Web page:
This new rule is annoying me too - I had it a couple of times at London Bridge platforms 1-6 and they now seem to have rolled it out to the higher number platforms. There are some FAQs here: http://www.southernrailway.com/your-jou ... -questions
- but I note they have omitted the most important question which is "Why?"
I think it's a pretty dumb rule for any number of reasons - as someone else said, 11kg of metal folded into a compact parcel and being carried feels like it will do a lot more damage than a very visible bike being wheeled. Doubtless it will be "careless bicycle owners" if someone does get injured that way.
I wouldn't have such a problem with it if it was communicated more pleasantly - at the moment you get some jobsworth barking an order at you at the end of a long-tiring day and the instinctive reaction is to challenge it, particularly as there is no evidence at the station of the new rules (despite Southern claiming it has been clearly announced). On Wednesday last week, one of the ticket gate guards told me brusqely to fold my bike, and then told me mid fold to move it as I was now causing an obstruction. A woman with a Brompton next to me was complaining about this at which point some man dressed in black and with a walkie-talkie came over and joined in the "debate". When I suggested that wheeling bikes was surely no more dangerous than wheeling other items (e.g. suitcases) he started accusing me of saying wheelchair users should be made to fold their chairs and walk!
Here's a response I got from SouthEastern earlier this year when I complained about a ticket gate guard being rude and insulting to me when I asked why I had to fold my bike. Note it avoids commenting on the guard's rudeness.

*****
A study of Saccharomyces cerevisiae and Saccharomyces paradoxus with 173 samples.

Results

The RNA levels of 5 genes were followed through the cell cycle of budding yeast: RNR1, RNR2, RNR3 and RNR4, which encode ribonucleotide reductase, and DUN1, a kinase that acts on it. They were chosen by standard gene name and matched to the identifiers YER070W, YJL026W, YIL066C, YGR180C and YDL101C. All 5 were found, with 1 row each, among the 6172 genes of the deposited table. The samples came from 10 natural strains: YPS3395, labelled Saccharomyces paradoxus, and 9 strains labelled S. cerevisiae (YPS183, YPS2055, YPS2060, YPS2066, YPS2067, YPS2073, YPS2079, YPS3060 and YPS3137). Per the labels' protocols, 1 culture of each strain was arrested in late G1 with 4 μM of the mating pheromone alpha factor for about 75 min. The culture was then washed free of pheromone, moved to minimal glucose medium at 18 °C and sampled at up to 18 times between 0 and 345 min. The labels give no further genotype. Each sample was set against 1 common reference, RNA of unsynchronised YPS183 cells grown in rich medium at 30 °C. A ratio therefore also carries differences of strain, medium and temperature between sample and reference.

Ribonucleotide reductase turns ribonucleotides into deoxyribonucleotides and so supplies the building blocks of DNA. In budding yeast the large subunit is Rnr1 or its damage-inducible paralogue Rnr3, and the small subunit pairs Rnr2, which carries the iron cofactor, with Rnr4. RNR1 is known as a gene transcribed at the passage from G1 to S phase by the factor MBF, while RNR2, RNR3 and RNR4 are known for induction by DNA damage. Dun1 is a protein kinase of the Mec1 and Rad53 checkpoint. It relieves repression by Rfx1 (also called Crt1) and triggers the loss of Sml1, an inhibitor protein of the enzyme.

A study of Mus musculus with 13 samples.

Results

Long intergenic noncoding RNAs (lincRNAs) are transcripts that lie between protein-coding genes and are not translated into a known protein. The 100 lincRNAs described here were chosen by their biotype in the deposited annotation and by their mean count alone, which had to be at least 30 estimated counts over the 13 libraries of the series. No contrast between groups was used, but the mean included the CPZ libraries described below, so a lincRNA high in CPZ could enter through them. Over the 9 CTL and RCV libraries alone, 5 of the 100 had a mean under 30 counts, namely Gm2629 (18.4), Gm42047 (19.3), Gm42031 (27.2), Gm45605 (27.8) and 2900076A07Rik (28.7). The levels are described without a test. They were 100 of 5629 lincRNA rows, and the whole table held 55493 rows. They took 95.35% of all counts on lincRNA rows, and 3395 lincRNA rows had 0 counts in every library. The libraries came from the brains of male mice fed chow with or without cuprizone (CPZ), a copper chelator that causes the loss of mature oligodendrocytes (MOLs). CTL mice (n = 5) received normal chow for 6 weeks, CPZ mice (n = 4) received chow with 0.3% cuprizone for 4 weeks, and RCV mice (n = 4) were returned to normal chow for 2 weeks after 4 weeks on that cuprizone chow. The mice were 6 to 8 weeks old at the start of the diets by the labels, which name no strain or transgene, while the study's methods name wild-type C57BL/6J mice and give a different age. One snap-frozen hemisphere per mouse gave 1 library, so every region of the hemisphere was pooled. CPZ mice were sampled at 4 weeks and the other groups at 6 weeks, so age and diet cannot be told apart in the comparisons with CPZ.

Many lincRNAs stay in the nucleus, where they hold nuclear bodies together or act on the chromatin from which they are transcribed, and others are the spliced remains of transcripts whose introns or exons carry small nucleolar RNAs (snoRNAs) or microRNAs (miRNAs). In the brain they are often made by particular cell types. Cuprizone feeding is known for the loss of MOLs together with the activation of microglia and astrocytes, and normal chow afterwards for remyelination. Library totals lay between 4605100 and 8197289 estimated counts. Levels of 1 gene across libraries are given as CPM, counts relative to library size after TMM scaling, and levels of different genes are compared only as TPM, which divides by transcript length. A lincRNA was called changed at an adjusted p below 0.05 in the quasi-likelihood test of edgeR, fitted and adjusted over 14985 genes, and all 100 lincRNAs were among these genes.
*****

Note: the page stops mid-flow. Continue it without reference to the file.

"I can confirm that this policy has been in place for some time, but it has been necessary to enforce this policy more rigidly recently due to accidents and injuries inflicted upon other passengers by careless bicycle owners. It should be noted that some train operators do not allow folding bicycles to be taken onto a train unless they are kept in a case for this reason. Whilst we have not taken this step, and whilst we do still permit folding bicycles on our trains, because bicycles have peddles and handlebars jutting out, when they fall over on a busy train or platform, they can easily bruise shins or cause other injuries. Due to the potential risks we are asking passengers with folding bicycles to fold their bicycle before attempting to enter a platform, in the interest of safety.
Whilst I can appreciate that this policy is inconvenient for many cyclists, we believe that it is in the interest of the majority of our passengers. We are not obliged to offer the facility to carry any bicycles free of charge, and should the issue of unfolding bicycles become a problem at our stations or on trains in the future, it may become necessary to charge passengers for the carriage of any bicycle, or refuse the carriage of these during peak times at all. However, currently the number of non-folding bicycles carried on trains at peak times is relatively low, and we hope that by working together with cyclists to reduce the hazards and inconvenience associated with carrying bicycles on trains, such action will not be necessary."
I didn't have the will to challenge the claim about accidents and injuries inflicted by careless bicycle owners, although I now wish I had. Given I live on the Brighton line, it's not folding bikes that cause inconvenience but the enormous suitcases people take to and from Gatwick!
Anyway, rant over - feels good to know I'm not the only one irritated by this. But I suspect we will have to put up with it.